When buying a franchise the purchaser (franchisee) pays for all the normal aspects of a business and also the right to use the name, trademark or logo used by the businesses in that franchise group for a certain period.
The franchise rights usually cost several thousand dollars. In addition, a portion of every months takings are paid to the franchisor as a royalty or commission. The franchisor may require all orders and customer payments be directed to the franchisor who will then deduct the agreed royalty and pay the balance to the franchisee. The franchisee may be required to conform to stringent rules on how to keep records, clothing, shop layout, vehicle displays, opening hours, personal appearance, price control, choice of suppliers and giving the franchisor monthly financial statements. Franchisors strictly enforce these rules and it is no excuse to say that they are petty.
If the franchise runs down from lack of promotion by the franchisor it may be difficult to sue for neglect. Usually the franchise agreement does not obligate a franchisor to maintain the standards and market share of the franchise. It is arguable that the franchisor may implicitly owe the franchisee a duty of care although a court is yet to decide this. Therefore a purchaser should consider that a franchisor may neglect the franchise after the purchaser's money has been received and there may be no claim.
To help avoid problems a purchaser may be able to insist on the franchisor accepting some obligations. A purchaser should ensure that the franchisor promises not to sell excessive numbers of franchises and maintains a specific market area for each franchise business purchased. Sometimes a franchisor will guarantee a minimum income for say the first six months and agree to pay the franchisee any shortfall of income. The franchisor does not have to provide this guarantee but may if asked. It is a good idea to obtain a guarantee for protection from exaggerated promises of the value of the franchise.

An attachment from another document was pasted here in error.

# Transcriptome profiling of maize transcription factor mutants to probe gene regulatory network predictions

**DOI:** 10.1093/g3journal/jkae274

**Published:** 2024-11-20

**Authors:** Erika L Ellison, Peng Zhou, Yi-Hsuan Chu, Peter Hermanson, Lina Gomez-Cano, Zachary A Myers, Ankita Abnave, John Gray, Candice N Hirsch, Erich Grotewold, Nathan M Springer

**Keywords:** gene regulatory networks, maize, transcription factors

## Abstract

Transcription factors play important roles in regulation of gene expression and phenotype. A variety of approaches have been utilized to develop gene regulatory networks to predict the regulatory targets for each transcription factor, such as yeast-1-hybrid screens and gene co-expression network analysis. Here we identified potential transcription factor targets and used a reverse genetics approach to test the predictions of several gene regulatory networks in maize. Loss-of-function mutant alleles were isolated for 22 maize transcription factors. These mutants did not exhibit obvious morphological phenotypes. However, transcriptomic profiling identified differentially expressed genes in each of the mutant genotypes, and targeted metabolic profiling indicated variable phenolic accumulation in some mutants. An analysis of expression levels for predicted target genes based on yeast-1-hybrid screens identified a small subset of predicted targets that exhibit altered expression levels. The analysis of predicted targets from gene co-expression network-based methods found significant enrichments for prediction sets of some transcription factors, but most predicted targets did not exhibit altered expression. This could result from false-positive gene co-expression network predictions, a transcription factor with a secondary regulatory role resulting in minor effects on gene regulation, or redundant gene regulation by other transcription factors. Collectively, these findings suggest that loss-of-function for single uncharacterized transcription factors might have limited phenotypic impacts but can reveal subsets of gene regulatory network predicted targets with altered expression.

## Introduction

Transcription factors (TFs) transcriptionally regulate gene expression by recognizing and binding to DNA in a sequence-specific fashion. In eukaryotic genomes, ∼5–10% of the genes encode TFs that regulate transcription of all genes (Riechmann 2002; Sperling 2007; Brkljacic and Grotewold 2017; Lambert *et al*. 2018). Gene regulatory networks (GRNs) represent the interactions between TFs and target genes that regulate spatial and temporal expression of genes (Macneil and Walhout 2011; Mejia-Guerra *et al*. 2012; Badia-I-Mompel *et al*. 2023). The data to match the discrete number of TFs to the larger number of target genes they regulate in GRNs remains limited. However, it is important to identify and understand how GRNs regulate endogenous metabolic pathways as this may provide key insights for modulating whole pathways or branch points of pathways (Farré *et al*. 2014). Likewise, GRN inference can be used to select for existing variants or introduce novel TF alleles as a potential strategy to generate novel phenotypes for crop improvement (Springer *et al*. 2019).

The franchisor should agree to continually ensure that other franchisees comply with their obligations and to provide regular training and assistance to franchisees. The franchisor should state what promotions will be undertaken and for what period, especially if the franchisee is paying a promotional levy.
A franchisee can assign the balance of the term of a franchise agreement to a new franchisee. The franchisor must consent to the new franchisee in much the same way as a landlord must consent to a new lessee. However a franchisor does not have to give reasonable grounds for refusing an assignment unless the franchise agreement states the franchisor must.
The main source of regulation for franchises is the Franchising Code of Conduct, which regulates the conduct of franchisors. The new Code which commenced on 1 January 2015, applies to all franchises renewed extended or transferred after that date, as well as new franchises. The Code is regulated by the Australian Competition and Consumer Commission. For further detailed information regarding franchises visit the Franchising page on the ACCC website.
The content of the Law Handbook is made available as a public service for information purposes only and should not be relied upon as a substitute for legal advice. See Disclaimer for details. For free and confidential legal advice in South Australia call 1300 366 424.